Ever since the 1860’s, when German physiologist Friedrich Goltz went searching for the location of the soul, the story about putting a frog in boiling water versus slowly heating it up has been a mainstay of explaining how we don’t take much note of gradual change. With apologies to my animal-loving friends, people do run these experiments, and as it turns out, slowly heated frogs do endeavor to get out of Dodge.
As long as we don’t go boiling any amphibians, it’s still a useful metaphor. We don’t fully grasp the enormity of changes around us when we’re smack dab in the middle of that change. If we did, it’s possible that each one of us would wake up each morning - thinking about computers, the Internet, and social media - smacking our foreheads, dumbfounded.
I’m not going to start listing out all those dizzying obligatory statistics that preface almost every book on social media. There are plenty of Technicolor infographics and YouTube videos that have covered that material far better and with greater scope than I could hope. Because of where this article is being published, I’m going to assume you know all that.
If, like me, you are in a perpetual state of head-smacking – that is, you are fully aware of the fact that we’re not in Kansas anymore – the world has changed. Big time. And there stand a handful of people who are central to that change. Bill Gates, Steve Jobs, Larry Page, Sergey Brin, Mark Zuckerberg, Jeff Bezos – of course the list goes on. It might be argued that on the social media side, Facebook, and thus Zuckerberg, have played a particularly central role.
Ekaterina Walter’s new book, Think Like Zuck, is a clarion call to all of us frogs in the soup pot. Not only is Zuckerberg at the nexus of the greatest changes in human communications for about 500 years, but he is there with intention – he is out to change the world.
I saw the movie, the Social Network. Zuck was a smart-assed Harvard kid who stole some good ideas, mashed them up with his own, and got lucky. Right? That conclusion doesn’t hold up, though. Facebook’s CEO had too many opportunities to grab the money and run. His entire history of decision-making, while not without missteps, has been about a dogged pursuit of a vision.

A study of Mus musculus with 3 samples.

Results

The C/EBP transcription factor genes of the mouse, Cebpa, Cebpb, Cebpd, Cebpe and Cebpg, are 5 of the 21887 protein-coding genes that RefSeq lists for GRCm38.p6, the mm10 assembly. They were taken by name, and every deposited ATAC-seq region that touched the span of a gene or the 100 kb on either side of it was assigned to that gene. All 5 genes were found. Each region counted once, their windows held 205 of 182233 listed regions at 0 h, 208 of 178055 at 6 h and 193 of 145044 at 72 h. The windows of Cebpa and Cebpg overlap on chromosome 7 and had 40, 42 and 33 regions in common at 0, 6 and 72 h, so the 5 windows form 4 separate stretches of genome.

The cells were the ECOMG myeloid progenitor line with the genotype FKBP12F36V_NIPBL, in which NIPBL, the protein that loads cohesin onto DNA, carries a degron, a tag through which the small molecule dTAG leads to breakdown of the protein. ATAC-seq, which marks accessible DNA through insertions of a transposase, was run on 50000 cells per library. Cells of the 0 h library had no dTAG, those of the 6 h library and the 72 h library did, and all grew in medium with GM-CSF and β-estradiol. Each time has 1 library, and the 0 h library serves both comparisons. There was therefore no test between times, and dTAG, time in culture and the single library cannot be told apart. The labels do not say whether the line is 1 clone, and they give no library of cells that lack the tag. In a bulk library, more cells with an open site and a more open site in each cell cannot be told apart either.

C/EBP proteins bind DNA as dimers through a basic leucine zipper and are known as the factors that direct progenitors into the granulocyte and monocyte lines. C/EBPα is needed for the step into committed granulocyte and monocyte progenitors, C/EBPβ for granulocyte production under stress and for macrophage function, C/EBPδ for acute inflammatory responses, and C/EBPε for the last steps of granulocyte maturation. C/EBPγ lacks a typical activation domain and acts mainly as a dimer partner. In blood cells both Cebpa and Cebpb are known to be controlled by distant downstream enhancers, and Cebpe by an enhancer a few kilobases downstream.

Think Like Zuck is not just about the Mark Zuckerberg story. As a director of social media at Intel, Ekaterina Walter possesses deep business and industry knowledge. In studying the success of Facebook, Walters identified five key principles:
Each one of these principals is discussed in some depth, often with examples from other businesses as well, such as Toms, CollegeHumor.com, Zappo’s, Threadless, XPLANE, Apple, and Jesss3.
Some of my favorite parts of the book aren’t about Zuckerberg at all, but the culture and strategy bits from XPLANE. The philosophies holding that mission and purpose are the driving forces behind any enterprise entered into business philosophy in the late 19th century. They were then promulgated by organizations such as the Masons and later by the Rotary Club. Even later, after World War II, organization change thinkers advocated for the use of vision, mission, and values. With Facebook and the other companies discussed in Think Like Zuck, Walter shows that these are powerful forces that could be critical to business success.
The famous business writer and thinker Jim Collins was invoked many times both in the book (and in my imagination) – Walters mentions the “getting the right people on the bus” concept many times. I also thought about Collin’s most recent book Great By Choice where he talks about the element of luck. No doubt, Zuckerberg had a great amount of luck in the timing of the creation of Facebook. But others had good luck, too – Zuckerberg had the foresight to use it.
Collins had a concept of Level Five Leader, someone who showed demonstrated a “paradoxical mix of personal humility and professional will.” Zuckerberg, with his famous “CEO, Bitch” business card could hardly have been said to show humility. But Walter’s subject has, like the hero of The Truman Show, been in the public eye throughout his twenties, and seems to be becoming something closer to a Level Five leader with each passing year.
In contrast to the Level Five Leader, Walter introduces her model of what she calls the “Hummingbird Effect of Leadership.”
The amazing qualities of the hummingbird can be seen in the beauty and complexity of its flight. Just like this flyer, effective leaders soar in their purpose of serving others and, in the process, achieve unprecedented heights of success.
Walter has helped me to appreciate the genius of Zuckerberg. Her own appreciation isn’t totally without any criticism. At one point, she offers some advice to her subject,
…to continue to be an effective partner, Facebook needs to strike a balance between its rapidly paced “hacker way” of innovation and the needs and desires of those who not only use its product (users) but also those who sustain Facebook’s revenue and growth (marketers and partners).
As marketers, it can help us to understand Zuckerberg’s history and philosophy. When we place emphasis on Facebook as part of our strategies, we’re betting that the rug isn’t going to get pulled out from beneath our feet. Walter has written a book that provides us with the reassurance that the game being played out here is much grander than someone just playing start-up company. She has also provided a thoughtful discussion of larger business thinking – the sort of thinking that we entrepreneurs (and intrapreneurs!) need.
I look forward to seeing both how Zuckerberg’s great visions play out as he enter his 30’s and reading more business wisdom from Ekaterina Walter.